Cromwell, who commanded the parliament’s right wing, charged Sir Marmaduke Langdale with extraordinary fury; but he, an old tried soldier, stood firm, and received the charge with equal gallantry, exchanging all their shot, carabines, and pistols, and then fell on sword in hand, Roseter and Whaley had the better on the point of the wing, and routed two divisions of horse, pushed them behind the reserves, where they rallied, and charged again, but were at last defeated; the rest of the horse, now charged in the flank, retreated fighting, and were pushed behind the reserves of foot.
While this was doing, the foot engaged with equal fierceness, and for two hours there was a terrible fire. The king’s foot, backed with gallant officers, and full of rage at the rout of their horse, bore down the enemy’s brigade led by Skippon. The old man wounded, bleeding, retreats to their reserves. All the foot, except the general’s brigade, were thus driven into the reserves, where their officers rallied them, and brought them on to a fresh charge; and here the horse having driven our horse above a quarter of a mile from the foot, face about, and fall in on the rear of the foot.
Had our right wing done thus, the day had been secured; but Prince Rupert, according to his custom, following the flying enemy, never concerned himself with the safety of those behind; and yet he returned sooner than he had done in like cases too. At our return we found all in confusion, our foot broken, all but one brigade, which, though charged in the front, flank, and rear, could not be broken, till Sir Thomas Fairfax himself came up to the charge with fresh men, and then they were rather cut in pieces than beaten; for they stood with their pikes charged every way to the last extremity.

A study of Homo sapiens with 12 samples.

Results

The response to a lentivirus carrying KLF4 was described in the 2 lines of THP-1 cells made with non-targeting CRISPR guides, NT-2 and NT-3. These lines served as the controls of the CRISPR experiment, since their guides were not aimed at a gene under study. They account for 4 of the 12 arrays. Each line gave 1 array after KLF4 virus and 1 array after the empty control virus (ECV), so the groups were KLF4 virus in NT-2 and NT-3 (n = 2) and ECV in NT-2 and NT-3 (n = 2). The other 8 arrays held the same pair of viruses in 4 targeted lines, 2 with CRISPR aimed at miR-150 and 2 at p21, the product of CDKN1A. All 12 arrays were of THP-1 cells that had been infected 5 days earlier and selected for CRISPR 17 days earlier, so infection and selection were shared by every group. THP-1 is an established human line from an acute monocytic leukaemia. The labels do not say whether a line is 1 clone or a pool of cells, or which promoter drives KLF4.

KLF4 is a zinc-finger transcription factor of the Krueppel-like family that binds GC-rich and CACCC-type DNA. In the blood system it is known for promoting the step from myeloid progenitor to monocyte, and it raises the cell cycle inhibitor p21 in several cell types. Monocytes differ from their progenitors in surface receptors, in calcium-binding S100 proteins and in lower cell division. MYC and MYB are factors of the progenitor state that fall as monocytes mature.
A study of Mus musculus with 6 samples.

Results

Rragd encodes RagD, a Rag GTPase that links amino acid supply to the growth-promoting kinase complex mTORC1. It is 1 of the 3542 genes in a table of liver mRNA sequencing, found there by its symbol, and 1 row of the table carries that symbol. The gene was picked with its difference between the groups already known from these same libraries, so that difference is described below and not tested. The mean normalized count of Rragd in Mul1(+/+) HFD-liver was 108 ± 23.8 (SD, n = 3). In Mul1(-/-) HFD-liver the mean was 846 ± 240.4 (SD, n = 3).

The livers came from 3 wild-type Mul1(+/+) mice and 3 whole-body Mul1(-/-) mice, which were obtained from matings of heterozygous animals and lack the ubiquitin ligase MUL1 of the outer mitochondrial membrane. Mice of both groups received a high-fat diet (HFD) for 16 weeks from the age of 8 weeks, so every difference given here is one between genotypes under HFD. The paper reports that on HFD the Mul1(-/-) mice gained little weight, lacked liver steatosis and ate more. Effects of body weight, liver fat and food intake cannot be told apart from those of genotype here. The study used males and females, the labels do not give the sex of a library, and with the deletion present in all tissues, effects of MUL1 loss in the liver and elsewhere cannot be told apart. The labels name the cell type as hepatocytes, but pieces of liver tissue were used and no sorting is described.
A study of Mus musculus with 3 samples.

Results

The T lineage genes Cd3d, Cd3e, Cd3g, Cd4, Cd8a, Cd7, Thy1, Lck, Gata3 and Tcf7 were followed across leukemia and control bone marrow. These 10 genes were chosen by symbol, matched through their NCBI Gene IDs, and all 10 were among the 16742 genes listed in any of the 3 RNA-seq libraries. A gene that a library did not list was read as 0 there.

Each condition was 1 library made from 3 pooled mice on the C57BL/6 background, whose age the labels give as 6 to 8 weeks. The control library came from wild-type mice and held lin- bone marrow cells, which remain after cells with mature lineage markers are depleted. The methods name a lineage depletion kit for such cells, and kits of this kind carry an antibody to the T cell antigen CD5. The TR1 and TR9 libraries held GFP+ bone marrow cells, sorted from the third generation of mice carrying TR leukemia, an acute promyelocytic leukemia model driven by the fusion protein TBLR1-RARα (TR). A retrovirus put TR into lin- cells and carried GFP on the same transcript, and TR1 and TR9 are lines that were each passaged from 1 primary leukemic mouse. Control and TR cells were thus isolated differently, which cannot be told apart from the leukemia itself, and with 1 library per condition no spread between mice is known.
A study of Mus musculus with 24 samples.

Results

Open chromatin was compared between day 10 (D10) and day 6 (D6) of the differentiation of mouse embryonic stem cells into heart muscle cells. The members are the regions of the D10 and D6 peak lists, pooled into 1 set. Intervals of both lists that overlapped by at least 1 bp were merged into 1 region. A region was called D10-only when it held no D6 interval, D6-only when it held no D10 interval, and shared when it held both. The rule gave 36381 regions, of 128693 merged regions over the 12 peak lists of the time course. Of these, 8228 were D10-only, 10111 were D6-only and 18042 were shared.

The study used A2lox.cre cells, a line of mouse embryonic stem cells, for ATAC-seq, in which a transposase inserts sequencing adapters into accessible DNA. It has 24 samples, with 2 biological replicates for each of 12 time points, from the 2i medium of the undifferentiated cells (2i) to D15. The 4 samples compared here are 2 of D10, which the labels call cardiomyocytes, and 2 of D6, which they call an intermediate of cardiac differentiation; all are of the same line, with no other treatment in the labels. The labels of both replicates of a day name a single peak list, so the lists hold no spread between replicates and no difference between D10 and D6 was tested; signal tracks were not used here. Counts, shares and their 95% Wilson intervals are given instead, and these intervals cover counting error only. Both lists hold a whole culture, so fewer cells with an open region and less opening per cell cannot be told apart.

In this condition, at the distance of a quarter of a mile, we saw the king rallying his horse, and preparing to renew the fight; and our wing of horse coming up to him, gave him opportunity to draw up a large body of horse; so large, that all the enemy’s horse facing us, stood still and looked on, but did not think fit to charge us, till their foot, who had entirely broken our main battle, were put into order again, and brought up to us.
The officers about the king advised his majesty rather to draw off; for, since our foot were lost, it would be too much odds to expose the horse to the fury of their whole army, and would be but sacrificing his best troops, without any hopes of success.
The king, though with great regret at the loss of his foot, yet seeing there was no other hope, took this advice, and retreated in good order to Harborough, and from thence to Leicester.
This was the occasion of the enemy having so great a number of prisoners; for the horse being thus gone off, the foot had no means to make their retreat, and were obliged to yield themselves. Commissary-General Ireton being taken by a captain of foot, makes the captain his prisoner, to save his life, and gives him his liberty for his courtesy before.